Fender skirts

Rear wheel partially covered by a detachable fender skirt on 1969 Buick Electra 225
1952 Nash Rambler non-detachable front and rear fender skirts 1952 Nash Rambler blue wagon front.jpg
1952 Nash Rambler non-detachable front and rear fender skirts
1986 Citroen CX 1986 Citroen CX Prestige.JPG
1986 Citroën CX
Los Angeles Bus Los Angeles Bus.JPG
Los Angeles Bus

Fender skirts, known in Australia and the United Kingdom as spats, are pieces of bodywork on the fender that cover the upper portions of the rear tires of an automobile.

Contents

Functions

Fender skirts are implemented for both aesthetic and aerodynamic reasons. Rather than air flowing into and being trapped in the rear wheel well, it flows smoothly over the bodywork. They are generally detachable to allow for tire changes and installation of snow chains. Automakers have also experimented with integral front wheel fender skirts, as on the 1949–1954 Nash "Airflyte" models and the compact 1950–1954 Nash Rambler, but with success limited by the fact that the front wheels must pivot for steering, extending out from the side of the vehicle slightly. [1] [2] The 1955 Ford Thunderbird introduced rear "fender shields" as a type of fender skirts with an edge molding and a gravel shield. [3] In GM parts accessories books, fender skirts are known as fender shields.

History

First described as "pants", they were used for the streamlining effect by Frank Lockhart on a 1928 Stutz land speed record attempt car. [4] Factory production of fender skirts began with the 1932 Graham-Paige. [5] Aesthetically streamlined designs were copied to mass-produced models. [6] The innovations introduced by Amos Northup, such as the V'd radiators, fender skirts, and sloping beaver-tails, became common after 1933. [6] However, by the 1970s, fender skirts began to disappear from mass market automobiles. Fender skirts remained for some time longer on a few cars, particularly large American luxury cars.

Fender skirts were often paired with whitewall tires. The extent of the skirt also varied, before the 1950s it was common for all but the very bottom of the rear tire to be covered, while by the 1960s fender skirts only covered some of the top of the tire, and were largely absent on cars other than top line models. For example, up until 1976, the Chevrolet Caprice, Oldsmobile 98, Buick Electra, Pontiac Bonneville and the Cadillac Fleetwood, DeVille and Calais models used fender skirts. The Cadillac Eldorado models sported fender skirts from 1971 thru 1974. Starting in 1977 only the Pontiac Bonneville retained the use of fender skirts on General Motors downsized cars. In 1980 the Oldsmobile returned the fender skirts to its 98 model. By 1985, fender skirts would disappear from all standard General Motors cars. In 1989, fender skirts were used again on the Cadillac front wheel drive Fleetwood models until 1993. For the 1991-1996 model years, General Motors generally incorporated fender skirts into the design of their full size sedans for the Chevrolet Caprice, Buick Roadmaster, and Cadillac Fleetwood. The General Motors EV1 had fender skirts later.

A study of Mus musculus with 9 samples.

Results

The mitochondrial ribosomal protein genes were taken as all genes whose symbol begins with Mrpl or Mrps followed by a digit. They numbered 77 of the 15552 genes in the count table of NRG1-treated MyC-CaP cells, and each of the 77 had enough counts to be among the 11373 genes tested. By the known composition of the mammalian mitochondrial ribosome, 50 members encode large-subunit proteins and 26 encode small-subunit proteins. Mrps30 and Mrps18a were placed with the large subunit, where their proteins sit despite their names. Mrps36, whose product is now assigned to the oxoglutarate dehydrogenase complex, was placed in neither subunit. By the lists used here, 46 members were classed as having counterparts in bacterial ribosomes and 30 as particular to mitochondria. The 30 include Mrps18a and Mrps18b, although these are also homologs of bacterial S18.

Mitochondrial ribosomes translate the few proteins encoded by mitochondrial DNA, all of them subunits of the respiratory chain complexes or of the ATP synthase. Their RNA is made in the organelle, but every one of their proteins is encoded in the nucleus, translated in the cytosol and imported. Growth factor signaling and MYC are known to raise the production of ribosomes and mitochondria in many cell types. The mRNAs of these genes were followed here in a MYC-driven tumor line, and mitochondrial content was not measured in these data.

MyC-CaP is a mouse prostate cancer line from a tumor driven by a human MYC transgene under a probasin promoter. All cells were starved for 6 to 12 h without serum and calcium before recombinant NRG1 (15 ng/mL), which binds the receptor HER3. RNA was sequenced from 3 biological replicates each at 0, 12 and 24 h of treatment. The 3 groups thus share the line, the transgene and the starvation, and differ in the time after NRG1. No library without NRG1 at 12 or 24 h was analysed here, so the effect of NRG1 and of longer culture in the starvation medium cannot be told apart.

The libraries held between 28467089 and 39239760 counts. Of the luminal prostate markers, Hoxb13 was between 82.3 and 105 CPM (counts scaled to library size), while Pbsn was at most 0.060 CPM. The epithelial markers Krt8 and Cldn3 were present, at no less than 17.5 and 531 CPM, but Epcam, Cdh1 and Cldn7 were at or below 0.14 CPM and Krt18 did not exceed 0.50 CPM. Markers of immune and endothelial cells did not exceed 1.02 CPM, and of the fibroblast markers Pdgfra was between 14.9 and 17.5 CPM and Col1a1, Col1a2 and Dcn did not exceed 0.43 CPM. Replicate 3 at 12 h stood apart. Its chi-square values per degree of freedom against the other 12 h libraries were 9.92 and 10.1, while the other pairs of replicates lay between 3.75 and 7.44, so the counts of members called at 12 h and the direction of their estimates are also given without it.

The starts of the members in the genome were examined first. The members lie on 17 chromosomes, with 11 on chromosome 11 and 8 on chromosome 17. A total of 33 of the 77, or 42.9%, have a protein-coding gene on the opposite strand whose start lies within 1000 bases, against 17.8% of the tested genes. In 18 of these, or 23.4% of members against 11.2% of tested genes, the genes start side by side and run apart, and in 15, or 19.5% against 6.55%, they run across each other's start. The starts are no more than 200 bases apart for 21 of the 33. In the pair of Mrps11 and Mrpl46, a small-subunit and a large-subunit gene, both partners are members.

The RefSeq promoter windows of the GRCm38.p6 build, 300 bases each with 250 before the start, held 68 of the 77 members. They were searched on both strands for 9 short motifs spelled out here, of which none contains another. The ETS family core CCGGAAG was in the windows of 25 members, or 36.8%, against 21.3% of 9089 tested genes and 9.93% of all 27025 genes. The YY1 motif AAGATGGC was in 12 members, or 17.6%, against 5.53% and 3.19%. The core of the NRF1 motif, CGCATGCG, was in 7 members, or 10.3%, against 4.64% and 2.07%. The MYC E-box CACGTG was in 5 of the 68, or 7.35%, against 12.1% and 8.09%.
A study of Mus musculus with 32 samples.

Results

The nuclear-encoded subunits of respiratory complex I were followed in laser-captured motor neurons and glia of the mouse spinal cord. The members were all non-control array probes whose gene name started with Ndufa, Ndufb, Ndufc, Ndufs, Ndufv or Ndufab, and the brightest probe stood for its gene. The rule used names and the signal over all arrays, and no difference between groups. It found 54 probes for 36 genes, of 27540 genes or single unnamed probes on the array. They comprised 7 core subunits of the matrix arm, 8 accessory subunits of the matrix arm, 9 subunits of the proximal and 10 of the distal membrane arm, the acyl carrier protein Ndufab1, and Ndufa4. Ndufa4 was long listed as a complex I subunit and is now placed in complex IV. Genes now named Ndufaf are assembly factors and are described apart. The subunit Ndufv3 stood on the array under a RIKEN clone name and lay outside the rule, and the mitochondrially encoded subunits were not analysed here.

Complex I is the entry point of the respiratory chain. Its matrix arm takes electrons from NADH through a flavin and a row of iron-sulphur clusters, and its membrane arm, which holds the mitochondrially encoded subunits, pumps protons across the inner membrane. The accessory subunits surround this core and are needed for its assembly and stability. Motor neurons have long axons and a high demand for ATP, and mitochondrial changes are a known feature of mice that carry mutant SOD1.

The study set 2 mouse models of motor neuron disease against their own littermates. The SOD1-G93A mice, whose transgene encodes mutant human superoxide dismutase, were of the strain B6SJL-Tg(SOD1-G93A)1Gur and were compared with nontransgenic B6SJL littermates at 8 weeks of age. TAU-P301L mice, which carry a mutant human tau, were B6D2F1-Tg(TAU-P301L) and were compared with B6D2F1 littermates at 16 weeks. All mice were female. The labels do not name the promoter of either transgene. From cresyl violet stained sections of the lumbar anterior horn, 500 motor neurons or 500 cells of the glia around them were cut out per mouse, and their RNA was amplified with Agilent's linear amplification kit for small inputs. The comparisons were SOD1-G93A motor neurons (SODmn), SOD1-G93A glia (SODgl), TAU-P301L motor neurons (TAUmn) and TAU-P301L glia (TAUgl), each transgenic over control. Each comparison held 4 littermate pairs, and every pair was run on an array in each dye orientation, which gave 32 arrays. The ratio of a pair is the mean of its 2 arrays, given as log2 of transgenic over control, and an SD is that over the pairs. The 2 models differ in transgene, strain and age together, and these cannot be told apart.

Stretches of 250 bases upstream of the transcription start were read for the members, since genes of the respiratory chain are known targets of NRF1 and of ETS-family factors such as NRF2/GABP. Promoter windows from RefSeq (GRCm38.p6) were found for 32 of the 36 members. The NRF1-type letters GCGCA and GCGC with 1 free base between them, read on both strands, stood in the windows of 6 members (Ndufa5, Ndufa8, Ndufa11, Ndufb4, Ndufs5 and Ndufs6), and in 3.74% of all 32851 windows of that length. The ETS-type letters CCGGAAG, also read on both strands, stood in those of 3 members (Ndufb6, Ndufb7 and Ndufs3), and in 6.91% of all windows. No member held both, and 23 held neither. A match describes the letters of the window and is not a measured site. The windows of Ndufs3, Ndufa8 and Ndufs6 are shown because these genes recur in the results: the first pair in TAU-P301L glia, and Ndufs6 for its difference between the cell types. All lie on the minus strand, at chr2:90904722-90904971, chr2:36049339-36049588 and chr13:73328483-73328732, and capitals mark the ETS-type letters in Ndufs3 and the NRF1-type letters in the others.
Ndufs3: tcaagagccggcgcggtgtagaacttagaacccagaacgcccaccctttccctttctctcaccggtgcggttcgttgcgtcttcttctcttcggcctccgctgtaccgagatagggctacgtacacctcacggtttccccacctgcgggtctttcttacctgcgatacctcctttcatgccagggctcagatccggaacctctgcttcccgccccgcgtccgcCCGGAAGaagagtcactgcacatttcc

When making Kustoms, fender skirts are a must accessory to close the rear fenders and add a special kind of sleekness. [7]

In European automobile design, Citroën notably used fender skirts on nearly all models produced between 1950 and 1990, most prominently in the DS, 2CV, Ami, GS, SM, BX, and CX.

As of 2015, the last mass-produced car with fender skirts was the 1999-2006 Honda Insight, although they are available for some new cars as aftermarket accessories (the Chrysler PT Cruiser and Volkswagen Beetle being some examples).

Some cities, such as Los Angeles, have fender skirts on municipal buses for safety purposes, as they can prevent items in the road from slipping under the tires.

In 2013, the limited production Volkswagen XL1 reintroduced fender skirts on modern cars.


  1. Auto Editors of Consumer Guide (20 June 2007). "How Nash Cars Work". HowStuffWorks. Retrieved 5 October 2019.
  2. Golfen, Bob (16 June 2015). "1951 Nash Rambler Country Club". ClassicCars.com Journal. Retrieved 6 October 2019.
  3. Gunnell, John; Kowalke, Ron (2000). T-Bird: 45 Years of Thunder. Krause Publications. p. 26. ISBN   9780873415811 . Retrieved 6 October 2019.
  4. Schultz, Mort (October 1985). "Body/Chassis: a Century of Progress". Popular Mechanics: 59.
  5. Berger, Michael L. (2001). The automobile in American history and culture: A Reference Guide. Greenwood Publishing Group. p. 417. ISBN   978-0-313-24558-9.
  6. 1 2 Gartman, David (1994). Auto Opium: A Social History of American Automobile Design. Taylor & Francis. pp. 118–121. ISBN   978-0-415-10572-9.
  7. Bryant, Jefferson (12 November 2018). "How To: Custom Fender Skirts". Hot Hod. Retrieved 6 October 2019.